ThreeYears wrote:stugots26 wrote:I get a little annoyed when people on here don't consider a PhD in the hard sciences to mean much.
While the few classes I took may practice grade inflation, and that may be the case why my graduate GPA was almost 4, I was doing research and teaching as well from the week I arrived in the program.
I ran my own lab and performed independent research approximately 12 hours a day, 6 days a week, 50.5 weeks a year for slave wages for 6 years in a stinky lab, inhaling fumes, that no one working in "the real world" would ever have put up with. I had annual reviews, progress reports, and regular oversight, despite no financial incentive to produce results and no reasonable, predicted graduation schedule. It was the hardest thing in the world to come in to work the morning after an important reaction failed and find a way to work around the problem. I handled the extra weight as a TA that the rent-a-lecturer organic professors weren't willing to pull, and oftentime felt like I was lecturing myself. I wager that I had just as much real world experience as anyone else on this forum.
My graduate career matured me as an individual far beyond the person who got such a low undergraduate GPA, as the letter of recommendation from my advisor will attest. My research made the cover of a major scientific journal in February. I built character and serious, professional academic skills, and as much as an undergraduate GPA should be taken into consideration, so should all that I've accomplished and done to grow above it in the years since.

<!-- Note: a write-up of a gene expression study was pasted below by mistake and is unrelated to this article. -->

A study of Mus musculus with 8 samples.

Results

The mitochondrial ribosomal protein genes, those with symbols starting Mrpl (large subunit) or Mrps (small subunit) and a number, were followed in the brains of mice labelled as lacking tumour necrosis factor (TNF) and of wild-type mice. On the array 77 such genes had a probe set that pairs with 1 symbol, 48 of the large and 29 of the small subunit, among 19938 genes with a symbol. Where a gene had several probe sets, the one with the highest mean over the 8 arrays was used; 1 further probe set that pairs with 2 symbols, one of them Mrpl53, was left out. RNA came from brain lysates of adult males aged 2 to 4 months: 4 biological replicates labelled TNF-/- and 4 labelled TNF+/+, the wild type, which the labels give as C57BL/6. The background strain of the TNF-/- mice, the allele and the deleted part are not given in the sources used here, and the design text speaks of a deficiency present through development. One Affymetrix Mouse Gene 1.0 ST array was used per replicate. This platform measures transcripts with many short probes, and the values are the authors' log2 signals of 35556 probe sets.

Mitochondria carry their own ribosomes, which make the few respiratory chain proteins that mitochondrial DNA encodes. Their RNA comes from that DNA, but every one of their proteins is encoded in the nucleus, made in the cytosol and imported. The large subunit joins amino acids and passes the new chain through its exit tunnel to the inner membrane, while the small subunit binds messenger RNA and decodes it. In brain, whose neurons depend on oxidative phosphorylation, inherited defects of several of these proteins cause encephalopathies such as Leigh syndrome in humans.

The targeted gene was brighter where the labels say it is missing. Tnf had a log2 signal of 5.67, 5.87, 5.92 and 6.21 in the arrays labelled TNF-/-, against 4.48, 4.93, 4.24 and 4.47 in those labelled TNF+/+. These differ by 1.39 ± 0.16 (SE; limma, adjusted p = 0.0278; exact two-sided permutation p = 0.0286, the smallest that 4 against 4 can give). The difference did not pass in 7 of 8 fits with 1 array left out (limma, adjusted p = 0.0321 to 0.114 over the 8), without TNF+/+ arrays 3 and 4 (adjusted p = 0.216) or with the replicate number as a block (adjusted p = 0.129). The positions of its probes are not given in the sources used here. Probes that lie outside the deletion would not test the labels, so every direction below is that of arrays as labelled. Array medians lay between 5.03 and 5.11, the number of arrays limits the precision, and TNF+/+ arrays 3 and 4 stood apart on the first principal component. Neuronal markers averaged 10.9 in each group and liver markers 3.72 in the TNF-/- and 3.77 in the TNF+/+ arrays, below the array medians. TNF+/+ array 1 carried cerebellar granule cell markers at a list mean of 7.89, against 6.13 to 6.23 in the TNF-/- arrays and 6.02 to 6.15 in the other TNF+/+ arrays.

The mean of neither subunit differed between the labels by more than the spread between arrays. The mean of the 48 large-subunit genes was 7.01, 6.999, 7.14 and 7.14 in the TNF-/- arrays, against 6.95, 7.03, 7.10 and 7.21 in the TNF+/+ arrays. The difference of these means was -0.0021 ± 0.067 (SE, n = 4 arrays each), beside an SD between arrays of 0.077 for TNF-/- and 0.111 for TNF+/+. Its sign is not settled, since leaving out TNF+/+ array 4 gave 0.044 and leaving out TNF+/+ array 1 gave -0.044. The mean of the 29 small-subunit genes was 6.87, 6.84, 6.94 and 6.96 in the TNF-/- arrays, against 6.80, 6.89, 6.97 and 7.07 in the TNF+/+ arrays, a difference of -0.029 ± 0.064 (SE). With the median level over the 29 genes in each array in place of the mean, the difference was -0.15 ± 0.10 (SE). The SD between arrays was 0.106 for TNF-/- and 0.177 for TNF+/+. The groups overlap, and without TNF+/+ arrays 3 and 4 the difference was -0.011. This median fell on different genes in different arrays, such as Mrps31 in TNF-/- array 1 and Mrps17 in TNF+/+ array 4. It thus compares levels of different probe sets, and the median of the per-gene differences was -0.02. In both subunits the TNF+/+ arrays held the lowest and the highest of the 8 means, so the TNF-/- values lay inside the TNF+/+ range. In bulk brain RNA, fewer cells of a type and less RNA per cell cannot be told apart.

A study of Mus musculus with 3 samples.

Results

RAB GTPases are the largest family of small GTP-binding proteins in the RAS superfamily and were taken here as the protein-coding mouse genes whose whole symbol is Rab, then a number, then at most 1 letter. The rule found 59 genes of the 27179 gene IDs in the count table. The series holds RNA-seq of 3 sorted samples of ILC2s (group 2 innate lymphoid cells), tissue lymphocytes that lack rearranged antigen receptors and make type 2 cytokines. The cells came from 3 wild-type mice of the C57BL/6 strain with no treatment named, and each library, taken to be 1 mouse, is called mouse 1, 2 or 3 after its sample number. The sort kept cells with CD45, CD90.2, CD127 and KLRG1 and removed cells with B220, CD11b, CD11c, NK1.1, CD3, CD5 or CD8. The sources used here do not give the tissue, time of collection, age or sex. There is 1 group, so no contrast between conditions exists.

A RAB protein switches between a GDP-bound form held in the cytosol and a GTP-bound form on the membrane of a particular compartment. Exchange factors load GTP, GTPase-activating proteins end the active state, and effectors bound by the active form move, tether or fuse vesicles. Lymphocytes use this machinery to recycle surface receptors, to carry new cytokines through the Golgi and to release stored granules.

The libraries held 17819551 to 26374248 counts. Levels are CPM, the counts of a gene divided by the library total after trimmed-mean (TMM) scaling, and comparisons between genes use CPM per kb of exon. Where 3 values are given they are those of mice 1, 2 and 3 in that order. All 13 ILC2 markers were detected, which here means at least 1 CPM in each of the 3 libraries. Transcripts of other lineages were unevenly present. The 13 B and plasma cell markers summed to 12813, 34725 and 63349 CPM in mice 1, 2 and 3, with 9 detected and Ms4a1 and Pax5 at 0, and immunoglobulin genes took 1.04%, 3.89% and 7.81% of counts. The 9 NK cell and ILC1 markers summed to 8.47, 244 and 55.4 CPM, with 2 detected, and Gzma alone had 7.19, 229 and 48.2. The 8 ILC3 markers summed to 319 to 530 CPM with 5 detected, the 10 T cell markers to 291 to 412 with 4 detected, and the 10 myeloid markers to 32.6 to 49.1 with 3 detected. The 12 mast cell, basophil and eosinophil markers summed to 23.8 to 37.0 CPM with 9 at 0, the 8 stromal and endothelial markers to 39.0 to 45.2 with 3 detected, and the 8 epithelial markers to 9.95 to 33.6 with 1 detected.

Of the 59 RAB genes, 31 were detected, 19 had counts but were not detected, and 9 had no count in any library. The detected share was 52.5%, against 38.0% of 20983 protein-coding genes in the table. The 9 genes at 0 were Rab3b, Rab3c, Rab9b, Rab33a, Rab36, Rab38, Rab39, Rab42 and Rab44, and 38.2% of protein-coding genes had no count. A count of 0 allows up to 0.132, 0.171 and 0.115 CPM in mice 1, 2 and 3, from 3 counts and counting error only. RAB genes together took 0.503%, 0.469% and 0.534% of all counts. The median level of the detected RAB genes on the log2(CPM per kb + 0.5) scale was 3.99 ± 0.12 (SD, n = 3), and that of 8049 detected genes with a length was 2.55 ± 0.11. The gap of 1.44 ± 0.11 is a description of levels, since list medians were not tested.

Now you are just venting. You are annoyed because you are poorly-informed. If you did your research, you would realize that a PhD in hard sciences, while still valuable, is quickly deteriorating in its quality and persuasiveness without a supporting performance in LSAT.
Getting into a PhD program in Biology and Chemistry is extremely easy. I will not get into details here, but anyone disagreeing with my assertion has a different definition on "easy" from me. Due to the high demand of human labor to perform hands-on biological or chemical experiments, recruiting graduate students is the only viable approach. We are cheap labors. Nothing more. It's no longer a training system like used to be 20 years ago.
When the admission dean at Berkeley was asked about the trend of recent applicants' pool. One trend he spotted is that more and more people with advanced degrees are applying to law school, including people "...with PhD in molecular biology..." Not a good sign, I must say. And here you are, still arguing we deserve some respect for our PhD degrees and the hard work behind this title. It is completely irrelevant. You will not be compared to other applicants, you will be compared to your peers, people also having PhDs in hard sciences, but at the time can score high on LSAT and write good application essays. Although I doubt there is any quota on how many PhDs a school will recruit, but I imagine they would stop at a certain point because we are non-traditional applicants.
To conclude: you are not unique, there are a sizable pool of PhD applicants and you are competing in that pool, not the general applicants. This is the assumption. And you have to re-organize all your arguments based on this assumption.
The lesson here?
Do your PhD in Nuclear Physics. There's always business in making WMD's or keeping you from making WMD's.
Or, you can always go work Intel/TI. But that's no fun.